04 Aug 2014 13:01 #366

David Hughes David Hughes's Avatar Topic Author


In boundary terms they are areas of residential streets bounded by what are officially known as Secondary Roads (locally probably better known as through routes); for example: Green Lanes, Bourne Hill, Aldermans Hill, Cannon Hill/High Street, though not having seen the details we cannot know whether that is one of the areas the council has in mind. Inside these areas the rules and features of the streets will be tailored to be much more resident, pedestrian and cycle friendly. For example.

• No access to through traffic (the death of the so-called rat run);
• Low speed limits;
• Calmed traffic;
• Possible cyclist priority over cars on some streets (no definite decision at this stage).

Furthermore in the Dutch version of these cells Shared Space principles (equal priority for pedestrians, cyclists and drivers which can be ‘negotiated’ because the design speed is low, certainly at 20mph or a little lower), are often applied. Contrast this with the long-standing British arrangement of separation i.e. confining pedestrians to pavements and dragooning them onto pedestrian crossings. (Though this is beginning to change – see Colin Younger’s piece posted on 30th July which describes a packed meeting about Shared Space at the Council Offices on that evening.)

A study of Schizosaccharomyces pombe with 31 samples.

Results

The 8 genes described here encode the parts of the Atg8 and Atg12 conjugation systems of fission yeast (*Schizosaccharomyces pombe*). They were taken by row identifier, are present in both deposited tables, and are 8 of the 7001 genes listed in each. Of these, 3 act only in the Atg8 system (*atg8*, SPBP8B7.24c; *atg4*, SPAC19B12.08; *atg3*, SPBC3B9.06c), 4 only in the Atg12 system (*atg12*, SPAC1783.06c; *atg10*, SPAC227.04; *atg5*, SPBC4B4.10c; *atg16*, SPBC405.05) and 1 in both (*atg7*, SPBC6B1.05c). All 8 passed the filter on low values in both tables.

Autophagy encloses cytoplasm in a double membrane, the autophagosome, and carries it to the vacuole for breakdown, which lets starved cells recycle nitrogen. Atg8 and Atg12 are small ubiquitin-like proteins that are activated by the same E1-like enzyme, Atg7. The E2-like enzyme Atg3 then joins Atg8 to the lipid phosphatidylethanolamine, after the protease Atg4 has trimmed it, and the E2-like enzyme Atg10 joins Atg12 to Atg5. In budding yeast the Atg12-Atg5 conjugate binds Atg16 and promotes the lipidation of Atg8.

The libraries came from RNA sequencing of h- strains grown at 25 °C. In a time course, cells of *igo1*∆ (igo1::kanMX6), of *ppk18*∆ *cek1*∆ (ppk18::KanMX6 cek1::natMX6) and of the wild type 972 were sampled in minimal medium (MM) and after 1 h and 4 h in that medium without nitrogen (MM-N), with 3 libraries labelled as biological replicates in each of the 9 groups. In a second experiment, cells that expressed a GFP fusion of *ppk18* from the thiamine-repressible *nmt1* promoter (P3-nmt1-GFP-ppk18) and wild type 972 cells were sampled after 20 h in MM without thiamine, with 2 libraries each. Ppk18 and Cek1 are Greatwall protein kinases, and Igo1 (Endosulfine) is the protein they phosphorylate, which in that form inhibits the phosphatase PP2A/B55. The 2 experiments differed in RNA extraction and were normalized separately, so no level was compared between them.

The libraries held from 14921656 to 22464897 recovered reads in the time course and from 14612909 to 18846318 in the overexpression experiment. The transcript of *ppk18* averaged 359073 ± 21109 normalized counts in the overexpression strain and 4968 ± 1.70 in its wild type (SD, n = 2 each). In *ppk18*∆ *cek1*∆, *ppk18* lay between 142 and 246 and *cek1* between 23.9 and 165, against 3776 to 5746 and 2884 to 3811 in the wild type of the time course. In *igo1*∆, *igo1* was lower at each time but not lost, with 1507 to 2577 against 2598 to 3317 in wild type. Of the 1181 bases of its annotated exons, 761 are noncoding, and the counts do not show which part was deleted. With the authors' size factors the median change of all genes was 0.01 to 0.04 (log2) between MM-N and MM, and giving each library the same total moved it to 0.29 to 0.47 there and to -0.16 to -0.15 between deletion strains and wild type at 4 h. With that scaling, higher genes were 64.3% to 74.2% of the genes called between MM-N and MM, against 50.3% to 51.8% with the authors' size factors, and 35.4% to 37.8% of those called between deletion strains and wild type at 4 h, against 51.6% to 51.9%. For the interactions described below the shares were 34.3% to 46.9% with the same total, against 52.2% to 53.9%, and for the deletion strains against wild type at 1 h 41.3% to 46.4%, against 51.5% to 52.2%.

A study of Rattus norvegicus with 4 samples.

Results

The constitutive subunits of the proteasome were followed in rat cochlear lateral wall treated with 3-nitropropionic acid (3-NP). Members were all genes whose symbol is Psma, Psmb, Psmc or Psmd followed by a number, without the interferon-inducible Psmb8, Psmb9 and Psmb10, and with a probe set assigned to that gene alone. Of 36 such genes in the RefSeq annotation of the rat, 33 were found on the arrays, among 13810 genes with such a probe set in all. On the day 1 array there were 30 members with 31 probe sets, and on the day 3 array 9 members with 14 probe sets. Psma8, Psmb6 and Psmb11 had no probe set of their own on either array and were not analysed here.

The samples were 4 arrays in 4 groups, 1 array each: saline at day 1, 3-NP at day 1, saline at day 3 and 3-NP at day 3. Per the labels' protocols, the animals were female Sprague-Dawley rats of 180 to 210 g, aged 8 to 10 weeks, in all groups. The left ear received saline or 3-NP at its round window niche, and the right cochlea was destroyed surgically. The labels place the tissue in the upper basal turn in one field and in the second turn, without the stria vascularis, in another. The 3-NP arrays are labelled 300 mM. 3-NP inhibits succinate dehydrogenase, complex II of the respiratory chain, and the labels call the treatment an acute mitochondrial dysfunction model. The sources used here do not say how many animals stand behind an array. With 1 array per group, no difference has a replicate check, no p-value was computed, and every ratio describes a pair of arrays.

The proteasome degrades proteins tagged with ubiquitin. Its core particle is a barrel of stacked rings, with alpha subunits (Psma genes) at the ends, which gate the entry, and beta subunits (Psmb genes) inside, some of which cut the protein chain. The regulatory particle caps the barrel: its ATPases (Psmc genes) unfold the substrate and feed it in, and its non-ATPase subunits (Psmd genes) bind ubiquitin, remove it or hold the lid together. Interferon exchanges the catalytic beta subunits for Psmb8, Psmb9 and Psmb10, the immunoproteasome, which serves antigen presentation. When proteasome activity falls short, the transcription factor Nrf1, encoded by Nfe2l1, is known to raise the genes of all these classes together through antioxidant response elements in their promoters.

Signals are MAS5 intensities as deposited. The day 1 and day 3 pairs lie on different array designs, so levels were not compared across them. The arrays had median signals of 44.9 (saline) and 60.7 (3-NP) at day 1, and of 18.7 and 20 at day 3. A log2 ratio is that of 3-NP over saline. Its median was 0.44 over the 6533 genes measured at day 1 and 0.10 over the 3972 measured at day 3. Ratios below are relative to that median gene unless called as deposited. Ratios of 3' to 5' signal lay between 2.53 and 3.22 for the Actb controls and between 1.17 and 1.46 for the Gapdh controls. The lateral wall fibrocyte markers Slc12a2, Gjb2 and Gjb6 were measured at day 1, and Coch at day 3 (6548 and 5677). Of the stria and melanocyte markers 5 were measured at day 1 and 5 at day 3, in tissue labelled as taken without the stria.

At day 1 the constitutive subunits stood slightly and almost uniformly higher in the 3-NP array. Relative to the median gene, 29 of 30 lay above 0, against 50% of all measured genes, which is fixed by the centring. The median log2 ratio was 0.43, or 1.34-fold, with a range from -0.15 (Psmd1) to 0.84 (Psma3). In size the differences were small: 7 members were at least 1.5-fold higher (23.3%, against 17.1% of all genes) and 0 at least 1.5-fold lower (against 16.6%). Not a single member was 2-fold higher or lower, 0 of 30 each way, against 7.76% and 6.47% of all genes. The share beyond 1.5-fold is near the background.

When I first read about these cells, my mind went back to about 10 years ago when the Fox Lane and District Residents’ Association, working with council officers, was instrumental in securing a promise of several million pounds from Transport for London to create a 20mph limit area on the Lakes Estate (unfortunately rejected by local councillors). In that case the prescribed area was a natural community not an area defined by through roads, and I’ve wondered whether that would work better than an area defined by roads. But, looking at a map of the area described earlier in this piece, I can see the logic of the council’s approach because, in terms of dealing with traffic, it would be so much easier to do.

Clearly there is room for further thought.

08 Aug 2014 00:07 #372


This is what the Council was proposing in the bid document (page 28):

The effect [...] is to create a grid network of primary and secondary roads for through traffic with appropriate facilities for cyclists, and within the 'grid' residential cells comprised of tertiary roads are created (as shown on our network map, we have identified 37 residential cells). The Dutch approach to these cells is as shared spaces where speeds and through traffic are reduced to ensure cycle safety. The outer edges of these cells have consistent signage and design features, such as entry treatments that signal to motorists to lower their speeds (as shown in the photo). In the Netherlands, these cells provide a safe network for cyclists, including children cycling to school or to visit friends.

Our long term goal is to create this Dutch-style network of residential cells across Enfield and we propose to start in one of the cells along the A1010, cell 26 which includes Brettenham School (see Case Study in Section 2) and Fleecefield School, as well as the Edmonton Unity Hub (see Case Study in Section 5) and is already a 20mph zone.

We will then work with five to six residential cells per year, throughout the duration of the mini-Holland project to treat residential areas, particularly those where speeding traffic and rat running is a problem.